David Simpkins stirs the pot as he helps to make a batch of apple butter during the annual Sorghum Festival, in South Point, Saturday.

Archived Story

Sorghum fest pays tribute to past

Published 12:00am Sunday, September 16, 2012

SOUTH POINT — The sugar cane juice flowed steadily through a black hose down the hillside from the grinding gin to super hot trays that were turning it into that sweet sorghum everybody came for.

Saturday was the 14th year for the Sorghum Festival off Sand Road in South Point, the brainchild of Ivan Smith and Bill Enyart on land owned by Smith. And for all of those preparing the old-fashioned treats the day was an early one.

Lowell Moon started at about 6 a.m. getting the oak-fire hot enough to transform the cane juice into thick molasses. Working along side him was his daughter, Barbi Theado, who pushed a skimmer through the trays to pull off the thick starch that would come to the top of the liquid.

“We try to go for a nice amber color,” she said. “Then it has a milder taste. But it is a little more labor intensive.”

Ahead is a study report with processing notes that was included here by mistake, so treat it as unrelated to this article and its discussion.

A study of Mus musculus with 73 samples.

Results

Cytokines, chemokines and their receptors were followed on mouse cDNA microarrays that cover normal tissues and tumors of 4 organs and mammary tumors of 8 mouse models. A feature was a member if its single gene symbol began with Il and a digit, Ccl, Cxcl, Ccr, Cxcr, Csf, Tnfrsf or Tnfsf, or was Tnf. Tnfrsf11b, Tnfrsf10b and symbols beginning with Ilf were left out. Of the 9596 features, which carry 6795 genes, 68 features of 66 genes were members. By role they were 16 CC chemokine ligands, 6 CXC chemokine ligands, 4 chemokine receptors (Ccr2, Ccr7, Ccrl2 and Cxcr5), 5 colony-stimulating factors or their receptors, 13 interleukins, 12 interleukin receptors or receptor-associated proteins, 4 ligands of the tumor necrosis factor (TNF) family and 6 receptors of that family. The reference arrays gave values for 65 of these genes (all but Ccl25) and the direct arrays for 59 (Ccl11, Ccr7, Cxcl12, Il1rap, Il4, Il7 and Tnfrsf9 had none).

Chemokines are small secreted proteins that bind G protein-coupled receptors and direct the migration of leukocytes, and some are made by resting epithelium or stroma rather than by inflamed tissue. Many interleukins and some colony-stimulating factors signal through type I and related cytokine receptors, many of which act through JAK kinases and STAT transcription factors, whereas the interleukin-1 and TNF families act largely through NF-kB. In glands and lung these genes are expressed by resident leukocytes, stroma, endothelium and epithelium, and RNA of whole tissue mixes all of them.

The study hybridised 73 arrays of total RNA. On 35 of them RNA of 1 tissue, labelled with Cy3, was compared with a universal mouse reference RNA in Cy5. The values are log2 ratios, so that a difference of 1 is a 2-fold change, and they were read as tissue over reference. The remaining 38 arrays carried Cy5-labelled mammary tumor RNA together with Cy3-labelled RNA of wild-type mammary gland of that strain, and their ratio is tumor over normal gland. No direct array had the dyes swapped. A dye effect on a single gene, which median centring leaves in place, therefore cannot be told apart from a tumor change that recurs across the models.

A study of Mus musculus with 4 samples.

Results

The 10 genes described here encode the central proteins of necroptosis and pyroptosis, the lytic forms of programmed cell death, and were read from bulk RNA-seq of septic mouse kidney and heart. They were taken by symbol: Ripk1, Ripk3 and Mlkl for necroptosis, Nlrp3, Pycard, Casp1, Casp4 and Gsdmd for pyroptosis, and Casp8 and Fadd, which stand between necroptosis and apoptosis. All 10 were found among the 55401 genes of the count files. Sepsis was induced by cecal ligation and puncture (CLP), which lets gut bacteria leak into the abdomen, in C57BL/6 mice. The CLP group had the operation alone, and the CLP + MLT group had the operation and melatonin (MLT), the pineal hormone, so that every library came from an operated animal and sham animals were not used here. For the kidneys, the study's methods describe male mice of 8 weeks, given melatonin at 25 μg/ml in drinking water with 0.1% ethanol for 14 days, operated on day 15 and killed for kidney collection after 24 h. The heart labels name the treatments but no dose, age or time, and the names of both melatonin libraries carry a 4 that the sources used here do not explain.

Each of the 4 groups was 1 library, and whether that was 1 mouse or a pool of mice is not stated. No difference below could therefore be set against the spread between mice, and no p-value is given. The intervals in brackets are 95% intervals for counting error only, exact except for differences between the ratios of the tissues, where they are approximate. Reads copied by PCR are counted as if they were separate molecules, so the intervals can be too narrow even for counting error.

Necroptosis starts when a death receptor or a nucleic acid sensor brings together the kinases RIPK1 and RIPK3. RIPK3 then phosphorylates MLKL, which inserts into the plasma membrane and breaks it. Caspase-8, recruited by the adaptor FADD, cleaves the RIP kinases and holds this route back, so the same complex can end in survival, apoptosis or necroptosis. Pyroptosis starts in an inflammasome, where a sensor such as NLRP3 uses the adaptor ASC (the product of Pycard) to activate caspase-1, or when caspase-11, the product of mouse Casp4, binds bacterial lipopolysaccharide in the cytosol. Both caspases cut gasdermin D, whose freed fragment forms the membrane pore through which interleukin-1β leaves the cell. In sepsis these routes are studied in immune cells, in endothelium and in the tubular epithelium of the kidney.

Up at the top of the hill grinding mounds and mounds of cane were Theado’s uncle, Robert Ross, and her husband, Brad Theado.

The recipe for the sorghum came from Theado’s grandfather, Minuard Moon, who taught his family the art and intricacies of the process from the time they were children. Many of the tools used Saturday had been used by the elder Moon.

Before the juice got to the cooking trays, it was strained several times through burlap-covered barrels to pull out any pieces of stalk.

“Who likes gritty molasses,” Theado said.

Across the field the South Point Order of Eastern Star Chapter 404 was stirring up apple butter bubbling up in a cast-iron kettle over an open fire. Making and selling the apple butter for the chapter was the idea of Clarice and Bill Sparling about 30 years ago.

“We went up to Bob Evans Farm to learn how Bob Evans would have done it,” Clarice said.

And they haven’t change a step in the process since.

Dan Fulks was nearby with his massive kettle cooking pinto beans and ham hocks. For the past 17 years he has cooked beans for festivals in the Tri-State and has fine-tuned the recipe.

“I’ve always believed in cooking them hard for about an hour and a half and then let them simmer,” he said.

While the cooks tended to their kettles, bluegrass musicians played from a makeshift bandstand and children got to climb up on the hay wagon for rides around the property as one of the first fall festival in the area opened the season.